ALBANY—Today, the New York State Senate passed its one-house budget resolution for Fiscal Year 2013-2014. New York State Senator Brad Hoylman joined 15 of his colleagues in voting ‘nay’ on the resolution, which was written behind closed doors by the Republican and Independent Democratic Conferences and rushed onto the Senate floor. On behalf of the Democratic Conference, Senator Hoylman specifically addressed the budget resolution’s $240 million in devastating cuts to New York City public schools.
Senator Hoylman said: “I oppose this budget resolution because of the unfair and inequitable way it treats New York City’s school children. New York City stands to lose $240 million a year because City officials could not come to an agreement with teachers over an evaluation system.This is not the first time New York City’s 1.1 million public school kids have lost out at the hands of government. Indeed, they are already losing $260 million in Race to the Top Funds. And this chamber eliminated and made permanent more than $300 million annually in Aid & Incentives for Municipalities. Completely zeroed out. And now, this $240 million cut. Remember that these are annual cuts, impacting every borough of the City, and will escalate to more than a billion dollars in fewer than five years.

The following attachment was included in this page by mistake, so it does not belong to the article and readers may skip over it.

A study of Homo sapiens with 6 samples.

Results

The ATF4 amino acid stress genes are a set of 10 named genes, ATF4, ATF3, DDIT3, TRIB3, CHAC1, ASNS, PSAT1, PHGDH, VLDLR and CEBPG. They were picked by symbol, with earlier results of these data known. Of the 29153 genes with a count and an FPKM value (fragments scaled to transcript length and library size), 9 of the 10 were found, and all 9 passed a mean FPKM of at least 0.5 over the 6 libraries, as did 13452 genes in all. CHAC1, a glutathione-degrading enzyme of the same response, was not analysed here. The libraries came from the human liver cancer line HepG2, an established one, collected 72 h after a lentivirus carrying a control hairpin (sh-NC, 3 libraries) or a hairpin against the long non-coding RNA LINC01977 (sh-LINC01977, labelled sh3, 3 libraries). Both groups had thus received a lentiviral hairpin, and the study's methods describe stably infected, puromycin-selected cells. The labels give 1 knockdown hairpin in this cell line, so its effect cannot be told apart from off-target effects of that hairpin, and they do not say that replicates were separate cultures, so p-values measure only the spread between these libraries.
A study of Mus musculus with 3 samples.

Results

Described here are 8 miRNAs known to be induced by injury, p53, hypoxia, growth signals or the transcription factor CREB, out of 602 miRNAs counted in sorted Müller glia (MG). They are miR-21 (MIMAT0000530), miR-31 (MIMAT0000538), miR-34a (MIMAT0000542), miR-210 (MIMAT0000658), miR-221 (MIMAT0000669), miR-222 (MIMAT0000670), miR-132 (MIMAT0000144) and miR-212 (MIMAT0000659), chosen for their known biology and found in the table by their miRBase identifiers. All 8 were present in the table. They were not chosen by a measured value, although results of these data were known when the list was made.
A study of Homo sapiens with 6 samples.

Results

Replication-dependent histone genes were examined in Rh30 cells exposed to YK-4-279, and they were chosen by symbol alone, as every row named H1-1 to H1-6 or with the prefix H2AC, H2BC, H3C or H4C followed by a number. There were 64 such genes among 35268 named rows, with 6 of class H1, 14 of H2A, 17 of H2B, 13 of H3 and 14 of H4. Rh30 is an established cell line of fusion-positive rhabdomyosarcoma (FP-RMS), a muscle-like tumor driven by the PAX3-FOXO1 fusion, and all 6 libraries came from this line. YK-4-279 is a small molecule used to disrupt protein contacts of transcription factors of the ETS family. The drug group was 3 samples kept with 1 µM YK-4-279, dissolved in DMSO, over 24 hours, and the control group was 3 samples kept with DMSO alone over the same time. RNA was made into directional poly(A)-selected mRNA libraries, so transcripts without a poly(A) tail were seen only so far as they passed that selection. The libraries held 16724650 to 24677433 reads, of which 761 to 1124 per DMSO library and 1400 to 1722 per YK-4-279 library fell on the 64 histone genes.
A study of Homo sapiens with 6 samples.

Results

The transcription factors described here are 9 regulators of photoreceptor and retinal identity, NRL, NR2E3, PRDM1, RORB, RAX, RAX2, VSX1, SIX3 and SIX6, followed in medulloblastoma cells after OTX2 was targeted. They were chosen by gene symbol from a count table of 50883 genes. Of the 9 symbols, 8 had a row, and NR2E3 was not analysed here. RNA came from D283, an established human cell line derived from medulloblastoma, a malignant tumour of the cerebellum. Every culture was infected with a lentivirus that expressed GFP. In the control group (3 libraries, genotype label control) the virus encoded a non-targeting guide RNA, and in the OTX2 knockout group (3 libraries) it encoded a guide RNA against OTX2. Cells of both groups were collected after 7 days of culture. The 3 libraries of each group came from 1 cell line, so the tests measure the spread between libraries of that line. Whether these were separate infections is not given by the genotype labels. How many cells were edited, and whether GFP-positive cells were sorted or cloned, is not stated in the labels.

It has been said that we are punishing the 1.1 million school children in New York City because the adults couldn't come to an agreement. I couldn't agree more. It's the adults -- not the kids -- who should be put into detention for not being able to work out a solution; it's the adults -- not the kids -- who, barring alternatives, need to find a way to fully fund New York City’s education system, as mandated by the Court of Appeals’ order in the Campaign for Fiscal Equity lawsuit; and it's the adults -- not the children -- who have the responsibility to make certain we have a literate, educated, and functioning workforce and democracy in New York State.
It was no less than Thomas Jefferson who said that an enlightened citizenry is indispensable for the proper functioning of a republic. Self-government is not possible unless the citizens are educated sufficiently to enable them to exercise oversight. Jefferson said it is therefore imperative that a nation see to it that a suitable education is provided to all its citizens. I cannot support this resolution because not only does it shortchange New York City’s 1.1 million public school children, but also threatens to undermine the future of our state.”